A content management primer

This article will examine what a Content Management System is and give some suggestions to what to consider when buying and implementing a CMS.


Why content management

Managing and controlling documents is an important part of business success. At least a tenth of an organization’s revenues is based around creating, distributing and managing documents like e-mails, spreadsheets, presentations, product manuals and more. The abundance of documents makes it hard to find, share, organize and control them. Content management systems help solve the problems by providing controlled, location-transparent and format-independent access to documents.

Many system vendors have broadened their offers by adding additional technologies to the core services of the traditional document management system. The complementary services could be imaging, ERP, workflow, Knowledge Management and collaboration tools to name but a few.

What is a document

A document is usually a complex entity. It can be an image, audio, and a subset of several separate text documents of any format or a combination of all. Documents can be compound and dynamic, which means that they could be put together from several sources that change independently and are put together instantly and differently when viewing them, depending on by whom, where and when.

Where Content Management Systems are used

Examples where use of content management systems has proved to be of significant benefit include cross-industry applications such as:

  • Customer service, for example, call centre systems support
  • Regulatory compliance support, such as approval for new drugs or financial instruments, or ISO 9000 registration
  • Accounting, such as linking documents (correspondence, orders received, credit notes and despatch documents) with the accounts.

Examples of use in specific vertical industries include:

  • Manufacturing, including handling engineering and maintenance documents, product data management (PDM), tracking revisions and different versions for different products and markets, or preparation and maintenance of standard operating procedures on process chemical plants.
  • Government applications, such as benefits provision and tracking.
  • Transportation and distribution, with its despatch and tracking documents.

Core services of a Content Management System

All CMS provide a set of basic services that are called library services.

  • Depositionregistration and retrieval of documents in the system.
  • Version control – Keeps track of versions in the system by providing version numbering, audit trail and history of documents. The system also ensures that only one person at a time can edit a document.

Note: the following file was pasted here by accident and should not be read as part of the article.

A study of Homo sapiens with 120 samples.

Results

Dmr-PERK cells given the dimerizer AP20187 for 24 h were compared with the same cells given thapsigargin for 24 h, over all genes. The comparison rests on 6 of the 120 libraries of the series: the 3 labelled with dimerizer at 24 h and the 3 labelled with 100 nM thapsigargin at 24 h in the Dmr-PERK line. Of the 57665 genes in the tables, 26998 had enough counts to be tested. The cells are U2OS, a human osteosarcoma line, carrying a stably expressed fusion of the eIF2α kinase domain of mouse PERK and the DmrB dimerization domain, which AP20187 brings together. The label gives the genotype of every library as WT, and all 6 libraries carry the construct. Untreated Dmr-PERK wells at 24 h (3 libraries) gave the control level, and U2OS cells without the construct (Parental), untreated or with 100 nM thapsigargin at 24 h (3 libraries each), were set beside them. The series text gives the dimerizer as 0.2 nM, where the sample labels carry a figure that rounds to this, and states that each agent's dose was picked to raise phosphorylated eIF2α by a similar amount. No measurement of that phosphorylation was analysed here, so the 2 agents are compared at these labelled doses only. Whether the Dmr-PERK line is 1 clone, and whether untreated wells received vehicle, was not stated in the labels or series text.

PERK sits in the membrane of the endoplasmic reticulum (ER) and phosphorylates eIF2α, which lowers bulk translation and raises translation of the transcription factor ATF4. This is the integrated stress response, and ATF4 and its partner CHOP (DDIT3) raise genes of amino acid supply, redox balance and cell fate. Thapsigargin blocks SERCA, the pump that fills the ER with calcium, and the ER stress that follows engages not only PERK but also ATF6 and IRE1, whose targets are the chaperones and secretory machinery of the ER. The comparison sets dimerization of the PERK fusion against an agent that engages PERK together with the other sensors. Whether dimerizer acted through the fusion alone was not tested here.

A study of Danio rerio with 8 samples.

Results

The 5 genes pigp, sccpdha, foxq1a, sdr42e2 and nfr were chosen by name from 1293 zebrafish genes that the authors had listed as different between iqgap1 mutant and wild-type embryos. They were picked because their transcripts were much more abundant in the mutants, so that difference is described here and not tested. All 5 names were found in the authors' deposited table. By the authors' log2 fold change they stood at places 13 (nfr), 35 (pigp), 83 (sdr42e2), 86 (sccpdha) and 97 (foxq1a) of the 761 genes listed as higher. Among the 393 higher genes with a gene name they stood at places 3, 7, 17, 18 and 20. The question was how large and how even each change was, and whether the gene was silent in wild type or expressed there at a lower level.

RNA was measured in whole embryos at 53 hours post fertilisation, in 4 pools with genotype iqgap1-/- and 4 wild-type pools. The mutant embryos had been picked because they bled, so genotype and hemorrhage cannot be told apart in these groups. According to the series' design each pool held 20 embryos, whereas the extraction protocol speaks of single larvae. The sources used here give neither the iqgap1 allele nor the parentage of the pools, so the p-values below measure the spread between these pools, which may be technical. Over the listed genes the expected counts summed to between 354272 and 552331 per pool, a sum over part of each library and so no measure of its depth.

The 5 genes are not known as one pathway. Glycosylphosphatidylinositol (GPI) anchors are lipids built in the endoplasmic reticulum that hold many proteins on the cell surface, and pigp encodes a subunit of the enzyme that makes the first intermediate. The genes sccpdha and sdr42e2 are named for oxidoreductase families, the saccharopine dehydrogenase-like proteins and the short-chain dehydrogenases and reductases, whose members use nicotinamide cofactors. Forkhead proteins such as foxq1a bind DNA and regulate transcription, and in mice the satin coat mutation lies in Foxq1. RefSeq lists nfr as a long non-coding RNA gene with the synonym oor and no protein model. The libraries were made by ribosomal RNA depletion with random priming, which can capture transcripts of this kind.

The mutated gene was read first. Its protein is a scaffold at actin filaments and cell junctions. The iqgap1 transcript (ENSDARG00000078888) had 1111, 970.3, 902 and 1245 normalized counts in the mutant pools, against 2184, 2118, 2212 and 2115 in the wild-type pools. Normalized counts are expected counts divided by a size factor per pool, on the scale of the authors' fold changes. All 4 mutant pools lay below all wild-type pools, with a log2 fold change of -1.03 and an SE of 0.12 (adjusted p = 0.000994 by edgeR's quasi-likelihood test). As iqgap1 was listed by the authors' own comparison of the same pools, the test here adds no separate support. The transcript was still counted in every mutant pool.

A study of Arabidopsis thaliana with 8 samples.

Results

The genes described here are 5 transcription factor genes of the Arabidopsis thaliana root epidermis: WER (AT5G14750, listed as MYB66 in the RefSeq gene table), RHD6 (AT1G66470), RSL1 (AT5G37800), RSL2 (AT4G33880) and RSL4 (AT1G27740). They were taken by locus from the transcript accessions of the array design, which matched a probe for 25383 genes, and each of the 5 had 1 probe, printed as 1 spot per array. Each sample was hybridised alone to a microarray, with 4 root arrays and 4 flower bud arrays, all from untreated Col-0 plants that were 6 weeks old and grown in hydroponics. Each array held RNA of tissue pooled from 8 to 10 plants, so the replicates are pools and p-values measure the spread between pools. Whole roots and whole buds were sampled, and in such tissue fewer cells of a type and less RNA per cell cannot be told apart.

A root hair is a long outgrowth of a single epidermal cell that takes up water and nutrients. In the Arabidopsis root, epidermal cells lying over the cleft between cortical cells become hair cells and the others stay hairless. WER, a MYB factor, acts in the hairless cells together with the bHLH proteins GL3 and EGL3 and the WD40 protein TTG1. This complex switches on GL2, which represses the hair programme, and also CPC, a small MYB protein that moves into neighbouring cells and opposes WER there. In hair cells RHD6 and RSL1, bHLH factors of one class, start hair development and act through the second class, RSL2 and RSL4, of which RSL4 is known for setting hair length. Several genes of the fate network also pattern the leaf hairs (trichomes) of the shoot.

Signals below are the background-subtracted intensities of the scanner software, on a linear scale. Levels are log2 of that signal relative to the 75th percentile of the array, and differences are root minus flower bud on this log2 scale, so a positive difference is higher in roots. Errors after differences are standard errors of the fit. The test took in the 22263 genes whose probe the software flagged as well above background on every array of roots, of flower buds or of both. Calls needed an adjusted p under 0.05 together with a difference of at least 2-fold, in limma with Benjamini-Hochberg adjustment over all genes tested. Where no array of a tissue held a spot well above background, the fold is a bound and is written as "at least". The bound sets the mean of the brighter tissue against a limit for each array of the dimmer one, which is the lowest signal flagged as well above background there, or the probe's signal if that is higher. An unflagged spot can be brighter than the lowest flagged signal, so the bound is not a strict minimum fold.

• Search – Enables a user to search for documents based on its content or attributes without knowing where the actual document is located.
  • Security – Controls access to documents and what the person can do with it.
  • Deletion and removal – When a document is declared redundant it is removed.

Every document that is stored in the system contains two types of data, the content itself and information about the content (also called metadata). Metadata can be information about the owner of the document, when it was created, if it is part of another document, who can access it, title, document number, its status in a lifecycle and so on.

Choosing and justifying a Content Management System

Companies should follow this eight-step guideline if they are to successfully choose and implement a Content Management System.

  • Analyse the business need – this is where most of the work should be done. Time spent here is rewarded in the end. This is where you spend the time learning what content management can do, what the vendors can offer and making the business case. Try to focus on the major business benefits and expand usage to include further functions after implementation.
  • Write an initial User Requirement Specification – this should be focused on the business objectives, not on implementation details.
  • Pre-implementation audit – measure current performance as the basis for CMS benefit assessment.
  • Invite suppliers for Request for Quotation.
  • Evaluate the proposals and consider all aspects. Do not focus solely on the software provision but how the final solution will be derived and maintained. Ensure that the proposal meets your real needs. Look at suppliers’ commercial and market strategies, not just technical capabilities. You need to assess if your supplier will be able to support you in two to five years’ time, as well as meeting your present need.
  • Conduct a pilot – Formal implementation of the CMS is made. It is essential to provide evidence of the business value by conducting a pilot and to capture lessons learned. It is at this stage that one can measure the business value, cultural impact and implement improvements. Do not forget to involve the end-users!
  • Post-implementation audit – once the system is up and running, it is vital to see if it is meeting the business needs – this is often neglected, in which case the system can fall into disuse or disrepute.
  • Update and adapt the content management applications in light of the audit. This is an iterative process that should be done regularly during the lifetime of the system.

Athena Solutions can help your company in any or all stages of choosing and implementing a Content Management System.